The various properties of Presbyterian Homes are places you don’t have to visit to get a feel for, with an online virtual tour just a click away.
Cybervisitors get led through dining rooms, atriums, lounges, a cafe, fitness center, cinema and chapel. When the short video was done, it was difficult to even remember any images of private rooms.
With a pandemic now underway, it’s tempting to see a terrible vulnerability in senior-care centers like those in Presbyterian Homes. And not just in those places but also in offices or on a bus or in a church or a stadium.
In fact the COVID-19 pandemic goes right after one of our great strengths — genuine, face-to-face and know-each-other communities.
There’s a danger that people might take a lesson from the pandemic experience that it’s better to retreat from each other, that private spaces are much safer. Working from home on video forever? That would cost us.
We are going to have to work to maintain those communities as best we can through the pandemic.
When you think about it, the supportive communities of elder-care centers can be thought of as a metaphor for healthy neighborhoods, towns, cities and workplaces.
In a senior-care center, “the opportunity for our residents to be in relationship with others is vitally important,” said the Rev. John Goertz, campus pastor at Presbyterian Homes & Services. “They are not left isolated in their home. There are other residents and certainly staff in tune with them, and want to support them at this point in their lives.”
Maybe there are other definitions, but one thing that seems to define community is really knowing that people care about you as a person and in turn you care about them. You can be around other people and still not be part of one, of course, so the care center staff works at it, including what Goertz called “becoming known to others.”
Now that the COVID-19 pandemic demands social distancing practices, the message to residents isn’t just that these practices are critical to keep them safer, but also to keep their friends, neighbors and the staffers who take care of them safer, too.
Goertz described some of the ways Presbyterian Homes is trying to support residents while maintaining strict distancing.
One asset is a center’s own TV channel, for example. The thing that made its video church service work last Sunday, Goertz explained, was that his residents weren’t watching a TV show but their familiar pastor in their familiar place. Goertz encouraged them to heartily sing while watching in their rooms.
This kind of practice to use video tools looks a little like what’s being tried by the co-working spaces to keep their communities healthy now, too, like a pay-what-you-can virtual membership launched by the Coven. Its two co-working sites in the Twin Cities had to temporarily close.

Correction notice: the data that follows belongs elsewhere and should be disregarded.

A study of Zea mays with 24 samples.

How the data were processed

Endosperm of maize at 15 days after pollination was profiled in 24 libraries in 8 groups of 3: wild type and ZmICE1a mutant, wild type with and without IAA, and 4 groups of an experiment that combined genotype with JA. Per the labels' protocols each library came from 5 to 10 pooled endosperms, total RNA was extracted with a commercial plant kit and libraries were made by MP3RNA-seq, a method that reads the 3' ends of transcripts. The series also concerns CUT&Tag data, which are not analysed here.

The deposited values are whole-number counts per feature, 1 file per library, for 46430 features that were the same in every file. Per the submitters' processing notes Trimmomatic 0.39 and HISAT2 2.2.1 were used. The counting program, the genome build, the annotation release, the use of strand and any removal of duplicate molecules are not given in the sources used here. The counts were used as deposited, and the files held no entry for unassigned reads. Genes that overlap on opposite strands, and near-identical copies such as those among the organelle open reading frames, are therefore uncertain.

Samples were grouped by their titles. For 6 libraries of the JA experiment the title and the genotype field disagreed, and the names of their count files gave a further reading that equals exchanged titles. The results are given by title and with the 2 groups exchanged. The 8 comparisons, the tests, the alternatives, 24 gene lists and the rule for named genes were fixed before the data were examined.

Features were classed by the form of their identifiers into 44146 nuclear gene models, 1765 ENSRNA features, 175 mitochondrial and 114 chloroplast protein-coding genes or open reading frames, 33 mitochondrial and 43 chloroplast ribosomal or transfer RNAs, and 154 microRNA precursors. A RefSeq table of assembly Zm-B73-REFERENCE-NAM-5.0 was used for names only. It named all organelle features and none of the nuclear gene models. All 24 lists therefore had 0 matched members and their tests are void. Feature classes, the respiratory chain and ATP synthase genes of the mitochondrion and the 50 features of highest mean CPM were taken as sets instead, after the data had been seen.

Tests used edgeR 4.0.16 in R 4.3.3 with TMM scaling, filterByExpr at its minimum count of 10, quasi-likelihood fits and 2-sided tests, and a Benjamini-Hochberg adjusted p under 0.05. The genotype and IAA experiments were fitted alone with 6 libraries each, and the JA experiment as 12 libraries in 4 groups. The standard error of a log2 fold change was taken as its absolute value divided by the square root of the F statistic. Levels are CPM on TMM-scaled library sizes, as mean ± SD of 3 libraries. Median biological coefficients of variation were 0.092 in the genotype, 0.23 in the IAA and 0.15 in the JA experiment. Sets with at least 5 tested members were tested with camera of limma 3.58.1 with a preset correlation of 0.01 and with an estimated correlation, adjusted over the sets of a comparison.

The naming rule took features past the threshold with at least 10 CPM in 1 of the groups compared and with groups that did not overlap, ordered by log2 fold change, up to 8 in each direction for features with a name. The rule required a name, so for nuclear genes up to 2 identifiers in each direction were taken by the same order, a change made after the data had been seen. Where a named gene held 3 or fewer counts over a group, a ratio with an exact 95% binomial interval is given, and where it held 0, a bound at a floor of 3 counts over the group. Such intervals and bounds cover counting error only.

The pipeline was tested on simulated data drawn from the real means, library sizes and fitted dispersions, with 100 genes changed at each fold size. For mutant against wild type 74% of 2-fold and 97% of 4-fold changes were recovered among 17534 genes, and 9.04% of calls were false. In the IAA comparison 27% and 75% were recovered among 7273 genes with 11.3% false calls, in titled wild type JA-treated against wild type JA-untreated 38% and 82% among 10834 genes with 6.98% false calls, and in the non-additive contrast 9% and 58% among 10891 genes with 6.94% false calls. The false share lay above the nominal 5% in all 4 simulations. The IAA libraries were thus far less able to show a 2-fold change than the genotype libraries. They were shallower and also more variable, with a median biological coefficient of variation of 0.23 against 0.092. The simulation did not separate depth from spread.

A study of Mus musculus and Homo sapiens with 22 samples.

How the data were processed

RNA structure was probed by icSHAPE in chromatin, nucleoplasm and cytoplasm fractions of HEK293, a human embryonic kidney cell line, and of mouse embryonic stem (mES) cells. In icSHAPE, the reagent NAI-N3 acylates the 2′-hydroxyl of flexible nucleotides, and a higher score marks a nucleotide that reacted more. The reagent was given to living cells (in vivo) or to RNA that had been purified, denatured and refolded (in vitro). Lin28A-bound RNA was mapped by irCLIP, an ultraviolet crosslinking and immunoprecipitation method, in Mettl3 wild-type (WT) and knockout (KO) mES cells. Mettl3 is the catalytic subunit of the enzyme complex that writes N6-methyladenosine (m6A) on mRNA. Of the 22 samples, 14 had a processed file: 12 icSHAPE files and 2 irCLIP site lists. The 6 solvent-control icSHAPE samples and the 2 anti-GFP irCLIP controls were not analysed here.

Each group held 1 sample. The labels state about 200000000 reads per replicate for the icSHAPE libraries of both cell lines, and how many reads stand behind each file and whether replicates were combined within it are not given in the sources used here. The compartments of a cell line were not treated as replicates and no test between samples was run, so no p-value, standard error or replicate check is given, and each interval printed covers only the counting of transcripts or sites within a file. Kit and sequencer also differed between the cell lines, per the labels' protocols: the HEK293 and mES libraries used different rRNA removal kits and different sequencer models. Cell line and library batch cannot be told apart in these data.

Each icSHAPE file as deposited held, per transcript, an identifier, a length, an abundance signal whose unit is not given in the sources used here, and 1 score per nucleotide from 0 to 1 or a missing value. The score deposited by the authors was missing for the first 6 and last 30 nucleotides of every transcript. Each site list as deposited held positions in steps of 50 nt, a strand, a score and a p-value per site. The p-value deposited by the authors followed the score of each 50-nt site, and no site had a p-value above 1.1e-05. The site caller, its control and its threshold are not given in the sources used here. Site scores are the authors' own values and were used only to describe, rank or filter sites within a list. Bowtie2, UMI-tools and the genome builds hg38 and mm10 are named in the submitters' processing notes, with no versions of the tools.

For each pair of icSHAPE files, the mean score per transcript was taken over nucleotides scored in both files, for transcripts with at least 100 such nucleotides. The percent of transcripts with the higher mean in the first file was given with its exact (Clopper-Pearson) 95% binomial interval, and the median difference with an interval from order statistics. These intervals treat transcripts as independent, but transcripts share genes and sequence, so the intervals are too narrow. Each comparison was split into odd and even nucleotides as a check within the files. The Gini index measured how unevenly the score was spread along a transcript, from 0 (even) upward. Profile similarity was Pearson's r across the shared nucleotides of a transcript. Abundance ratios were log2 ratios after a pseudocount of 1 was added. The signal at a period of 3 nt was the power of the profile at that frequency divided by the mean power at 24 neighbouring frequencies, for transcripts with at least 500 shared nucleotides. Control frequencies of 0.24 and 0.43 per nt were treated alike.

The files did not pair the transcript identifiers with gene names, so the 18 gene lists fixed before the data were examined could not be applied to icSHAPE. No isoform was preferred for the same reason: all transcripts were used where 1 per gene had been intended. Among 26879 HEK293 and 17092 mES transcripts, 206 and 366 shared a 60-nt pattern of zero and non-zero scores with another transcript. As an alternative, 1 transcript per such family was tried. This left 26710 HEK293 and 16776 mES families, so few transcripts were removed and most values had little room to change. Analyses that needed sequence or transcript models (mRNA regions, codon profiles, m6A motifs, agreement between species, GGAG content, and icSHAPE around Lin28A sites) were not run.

It doesn’t seem at all silly to compare an elder-care center to a co-working space filled with millennial freelancers, software coders and startup founders. The big idea in both businesses is to create a sense of community.
One of the first and best-known co-working spaces in Minnesota is now called Fueled Collective, and it temporarily closed locations, too, well before the governor’s stay-at-home order.
This co-working company got going more than 10 years ago. Co-founder Don Ball, as a freelancer even years before, had longed to work in such a place.
Once it opened, Ball and the other founders knew they were in the belonging business, not the workspace rental business. They saw unofficial groups form, not because members were working on the same problems but because they had become friends, leaning on each other as they got their own work done.
“If you have to come up with everything from your own head, at least for me in my experience, you kind of come up short,” Ball said this week.
He’s basically talking about one of the main ways a metro economy stays healthy and grows faster, what happens when you bring people together. It leads to the movement of ideas and knowledge between people that helps a whole region do better.
There are lots of different ways this can happen, including just from people taking a job at a new employer, but what stands out about these busy co-working spaces is that you could simply sit quietly and watch the transmissions happen.
That’s why these places boomed, not for their funky furniture, fast Wi-Fi internet service and cold beer.
Earlier this week, Reed Robinson, a co-founder of tech startup group Beta.MN, collected and forwarded a few stories of founders who think they wouldn’t have gotten where they are without informal help or chance encounters in common workplaces — introductions to technology designers, maybe, or to early sponsors for events.
One of those who responded was Sean Higgins, CEO of a St. Paul-based startup that created the BetterYou digital coach that helps people work on the things they had said they want to do, in part by reminding users to cut down mindless time-wasting on smartphones.
An impromptu conversation in the lobby of their St. Paul building, Higgins explained, led to an introduction to two people who then invested in the company.
“Those seemingly random positive interactions happen more and more when you’re in the right place,” Higgins wrote, “something you just can’t find on a Zoom link.”